Open Source Archives

We strive to facilitate interdisciplinary collaboration and the implementation of progressive and  participatory research methods, with the goal of generating tangible, durable changes in the way research about Haiti is conceptualized, implemented and applied.


Research Hub & Open Source Archives

EKO HAITI Research Hub is a research and knowledge mobilization platform focused on creative, collaborative and interdisciplinary research and associated research-based learning. We aim to become the intellectual “home” for research about Haiti by creating and providing open access to the largest crowdsourced research archive dedicated to Haiti, by fostering cross-disciplinary research and innovation, and by providing support for progressive research in the form of contextual expertise and training.

“The trees fall from time to time, but the voice of the forest never loses its power. Life begins.”

Jacques Alexis, Les Arbres Musiciens (Paris, 1957)
Haiti is the birthplace of a rich literary heritage that deserves more attention. Haitian authors open a window into this Caribbean nation’s vibrant culture and tumultuous history.

EKO HAITI collections include all works, published and unpublished by Anthropologists Gerald Murray, Glenn Smucker and Timothy Schwartz
Dedicated to the late great, Kreyolicious (Katheline St. Fort), our photographs archives holds a large collection of images dating back to the late 1800's .
40 years of development reports, evaluations and survey databases many of which are not publicly available, are buried in drawers, closets, private libraries of NGOs and government donors.


Oral histories are a powerful tool in developing historical understanding

Oral history offers an alternative to conventional history, filling gaps in traditional research with personal accounts of historically significant events or simply life in a specific place and time. Oral histories do more than provide charming details to dry historical accounts. In fact, oral histories help others recapture lived experiences that are not written down in traditional sources.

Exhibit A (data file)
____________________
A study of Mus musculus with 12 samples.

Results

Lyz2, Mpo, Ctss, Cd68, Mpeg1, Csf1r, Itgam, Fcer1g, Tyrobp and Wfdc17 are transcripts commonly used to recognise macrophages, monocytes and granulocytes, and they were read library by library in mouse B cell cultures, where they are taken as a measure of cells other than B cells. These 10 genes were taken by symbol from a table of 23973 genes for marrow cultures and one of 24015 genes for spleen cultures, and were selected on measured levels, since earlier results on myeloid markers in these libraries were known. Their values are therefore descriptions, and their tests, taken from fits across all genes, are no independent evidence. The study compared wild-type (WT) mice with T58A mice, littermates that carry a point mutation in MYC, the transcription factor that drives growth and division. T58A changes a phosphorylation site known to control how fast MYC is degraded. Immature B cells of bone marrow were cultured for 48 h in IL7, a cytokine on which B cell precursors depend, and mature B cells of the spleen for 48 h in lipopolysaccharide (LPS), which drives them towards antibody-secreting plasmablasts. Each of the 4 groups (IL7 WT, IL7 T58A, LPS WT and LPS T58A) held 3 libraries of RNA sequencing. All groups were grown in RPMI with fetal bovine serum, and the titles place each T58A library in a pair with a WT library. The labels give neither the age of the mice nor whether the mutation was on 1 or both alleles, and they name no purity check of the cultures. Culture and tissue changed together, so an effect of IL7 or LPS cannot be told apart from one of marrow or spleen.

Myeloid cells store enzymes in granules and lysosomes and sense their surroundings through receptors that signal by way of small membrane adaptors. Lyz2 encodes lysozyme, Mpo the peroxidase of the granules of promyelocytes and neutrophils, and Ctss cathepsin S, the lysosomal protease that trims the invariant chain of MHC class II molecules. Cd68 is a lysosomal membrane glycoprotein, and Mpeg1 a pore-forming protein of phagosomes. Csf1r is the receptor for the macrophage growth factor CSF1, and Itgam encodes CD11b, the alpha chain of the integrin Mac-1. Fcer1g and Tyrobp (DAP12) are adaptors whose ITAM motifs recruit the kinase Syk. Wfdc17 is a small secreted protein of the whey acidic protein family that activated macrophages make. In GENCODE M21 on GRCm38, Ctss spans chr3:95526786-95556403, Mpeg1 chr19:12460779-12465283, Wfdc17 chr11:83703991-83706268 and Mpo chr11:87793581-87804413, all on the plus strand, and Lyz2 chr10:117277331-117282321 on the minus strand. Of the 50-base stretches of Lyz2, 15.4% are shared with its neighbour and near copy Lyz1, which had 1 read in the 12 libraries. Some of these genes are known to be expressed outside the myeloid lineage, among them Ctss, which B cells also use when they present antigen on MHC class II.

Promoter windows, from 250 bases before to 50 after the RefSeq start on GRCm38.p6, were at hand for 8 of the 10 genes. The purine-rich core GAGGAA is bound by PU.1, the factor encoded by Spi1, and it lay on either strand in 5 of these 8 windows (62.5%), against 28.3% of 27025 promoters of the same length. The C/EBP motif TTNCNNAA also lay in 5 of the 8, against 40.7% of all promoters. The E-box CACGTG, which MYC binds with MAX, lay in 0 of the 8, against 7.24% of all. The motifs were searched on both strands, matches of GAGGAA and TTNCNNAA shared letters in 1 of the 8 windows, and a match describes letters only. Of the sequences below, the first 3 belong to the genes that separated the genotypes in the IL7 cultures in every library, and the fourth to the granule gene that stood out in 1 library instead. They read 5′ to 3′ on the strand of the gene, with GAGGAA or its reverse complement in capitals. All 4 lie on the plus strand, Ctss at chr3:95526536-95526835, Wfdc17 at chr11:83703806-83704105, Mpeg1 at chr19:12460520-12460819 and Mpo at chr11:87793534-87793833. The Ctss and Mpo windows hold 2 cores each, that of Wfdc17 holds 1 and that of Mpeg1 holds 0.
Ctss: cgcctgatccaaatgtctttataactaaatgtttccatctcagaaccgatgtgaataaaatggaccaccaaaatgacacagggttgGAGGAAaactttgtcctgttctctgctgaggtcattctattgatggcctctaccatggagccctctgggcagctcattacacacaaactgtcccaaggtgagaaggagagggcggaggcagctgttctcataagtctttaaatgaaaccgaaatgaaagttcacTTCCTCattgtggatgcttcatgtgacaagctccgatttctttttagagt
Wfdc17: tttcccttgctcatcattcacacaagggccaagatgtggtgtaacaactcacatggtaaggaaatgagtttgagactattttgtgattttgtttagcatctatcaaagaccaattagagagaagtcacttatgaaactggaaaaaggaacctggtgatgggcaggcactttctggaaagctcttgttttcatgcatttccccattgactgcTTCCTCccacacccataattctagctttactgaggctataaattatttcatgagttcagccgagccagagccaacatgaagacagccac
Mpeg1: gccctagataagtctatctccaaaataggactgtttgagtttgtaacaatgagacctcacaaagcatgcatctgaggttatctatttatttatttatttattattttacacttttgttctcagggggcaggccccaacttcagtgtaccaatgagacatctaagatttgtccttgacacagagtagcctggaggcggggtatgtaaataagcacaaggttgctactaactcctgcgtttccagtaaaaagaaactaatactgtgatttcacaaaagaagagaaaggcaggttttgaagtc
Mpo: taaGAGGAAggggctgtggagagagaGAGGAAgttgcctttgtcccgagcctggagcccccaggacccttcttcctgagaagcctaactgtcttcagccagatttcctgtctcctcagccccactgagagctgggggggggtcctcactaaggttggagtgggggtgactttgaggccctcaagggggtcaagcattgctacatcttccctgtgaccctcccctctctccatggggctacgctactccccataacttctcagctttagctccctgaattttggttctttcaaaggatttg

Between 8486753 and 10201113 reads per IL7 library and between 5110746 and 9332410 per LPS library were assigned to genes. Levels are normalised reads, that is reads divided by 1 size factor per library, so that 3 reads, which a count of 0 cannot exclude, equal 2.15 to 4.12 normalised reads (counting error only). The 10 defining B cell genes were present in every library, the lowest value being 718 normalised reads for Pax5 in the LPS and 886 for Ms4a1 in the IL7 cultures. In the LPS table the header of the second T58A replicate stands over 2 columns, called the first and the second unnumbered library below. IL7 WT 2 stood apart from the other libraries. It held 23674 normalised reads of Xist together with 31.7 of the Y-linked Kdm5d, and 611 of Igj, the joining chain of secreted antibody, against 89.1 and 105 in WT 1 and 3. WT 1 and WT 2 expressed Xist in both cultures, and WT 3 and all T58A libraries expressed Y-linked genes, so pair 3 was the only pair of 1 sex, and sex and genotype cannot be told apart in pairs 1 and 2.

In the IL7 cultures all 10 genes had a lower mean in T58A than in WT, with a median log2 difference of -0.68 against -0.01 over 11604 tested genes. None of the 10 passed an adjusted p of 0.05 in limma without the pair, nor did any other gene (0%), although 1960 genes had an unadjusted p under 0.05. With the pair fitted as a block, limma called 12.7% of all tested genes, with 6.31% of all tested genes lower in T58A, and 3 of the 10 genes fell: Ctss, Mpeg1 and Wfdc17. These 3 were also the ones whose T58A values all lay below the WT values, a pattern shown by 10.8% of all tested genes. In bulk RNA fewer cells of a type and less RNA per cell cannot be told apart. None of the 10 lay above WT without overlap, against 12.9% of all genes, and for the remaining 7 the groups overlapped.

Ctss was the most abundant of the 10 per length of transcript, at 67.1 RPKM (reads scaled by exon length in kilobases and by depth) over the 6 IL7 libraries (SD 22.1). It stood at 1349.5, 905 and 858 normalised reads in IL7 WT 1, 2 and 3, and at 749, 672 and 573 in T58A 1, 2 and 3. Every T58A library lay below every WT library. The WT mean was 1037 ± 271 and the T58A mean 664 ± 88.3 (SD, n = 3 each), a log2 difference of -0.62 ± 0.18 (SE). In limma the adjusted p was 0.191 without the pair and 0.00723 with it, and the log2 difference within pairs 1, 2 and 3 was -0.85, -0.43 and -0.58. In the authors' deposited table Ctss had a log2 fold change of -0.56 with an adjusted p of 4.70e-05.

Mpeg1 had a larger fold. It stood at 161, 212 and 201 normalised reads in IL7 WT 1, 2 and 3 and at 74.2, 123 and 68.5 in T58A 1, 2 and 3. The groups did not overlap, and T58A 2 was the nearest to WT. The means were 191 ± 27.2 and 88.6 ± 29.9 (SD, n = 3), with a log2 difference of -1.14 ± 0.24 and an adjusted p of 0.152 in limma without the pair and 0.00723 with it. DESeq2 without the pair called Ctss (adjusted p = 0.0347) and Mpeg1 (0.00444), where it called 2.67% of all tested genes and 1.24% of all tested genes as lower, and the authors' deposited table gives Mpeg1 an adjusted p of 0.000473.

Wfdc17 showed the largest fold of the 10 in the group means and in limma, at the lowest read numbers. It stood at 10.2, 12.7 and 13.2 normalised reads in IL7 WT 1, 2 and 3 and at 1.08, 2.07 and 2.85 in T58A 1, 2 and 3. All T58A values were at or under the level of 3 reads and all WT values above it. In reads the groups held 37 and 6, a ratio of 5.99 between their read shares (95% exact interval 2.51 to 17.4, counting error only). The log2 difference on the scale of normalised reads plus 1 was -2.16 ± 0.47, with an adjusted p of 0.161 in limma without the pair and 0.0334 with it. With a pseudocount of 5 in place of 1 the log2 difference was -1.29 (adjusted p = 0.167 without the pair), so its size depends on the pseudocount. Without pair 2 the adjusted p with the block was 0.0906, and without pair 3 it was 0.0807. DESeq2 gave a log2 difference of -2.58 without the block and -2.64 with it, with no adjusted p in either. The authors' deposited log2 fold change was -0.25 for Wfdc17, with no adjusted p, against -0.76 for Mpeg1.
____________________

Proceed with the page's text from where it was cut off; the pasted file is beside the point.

> Transcripts archive

" Bwa pi wo di li wè lwen, men grenn pwomennen di li wè pi lwen pase l "

The tallest tree says that it sees far, but the seed that travels says that it sees even further.



As an independent institute, we rely on crowdsourcing and donations to continue expanding the depth and scope of our archives.  Your contribution enable us to provide open access to a vast collection of ethnographic and research material which in turn aims at fostering further research and contribute to a better understanding of the country.

In the southeastern Dominican Republic, a festive, carnivalesque Easter procession featuring music, dance and ritual is widely performed by small local troupes of mostly poor rural workers and working-class residents of local mill towns. The procession is called, in Spanish, el Gaga, and originates in Haitian Rara brought by Haitian immigrant laborers, especially those who have travelled to the region to work in the sugar cane industry. A number of interest groups participate in this performance, across boundaries of language, nation of origin, race, ethnicity, class, age and gender. I utilize a composite name, Rara/Gaga, to honour the participation of Haitian immigrants, Haitian Dominicans and Dominicans who claim no Haitian ancestry in this performance and to evoke its dialogism and hybridity. In this work, the performance is examined in the light of the historical context of Haitian Dominican relations, as well as global geopolitical forces.

Most of my fieldwork was undertaken in a sugar cane village and other locales in the southeastern Dominican Republic in the mid 1990s, with research also conducted in urban centers of the Dominican Republic, in New York City and in Haiti. My approach is informed by prior studies in New York City of music/dance/ritual practices that demonstrate Central African influences, especially AfroCuban traditions; Central African influences in Rara/Gaga are also explored in this work. I examine the overlap between Rara/Gaga and AfroHispaniolan ritual called Vodou in Haiti and Vodu in the Dominican Republic. I argue that, for participants in the Dominican Southeast and along a transnational social network that includes Haiti and diasporic locales such as the United States, Rara/Gaga is viewed by participants as a healing community that incorporates music, dance, ritual and procession along the Haitian Dominican cultural border.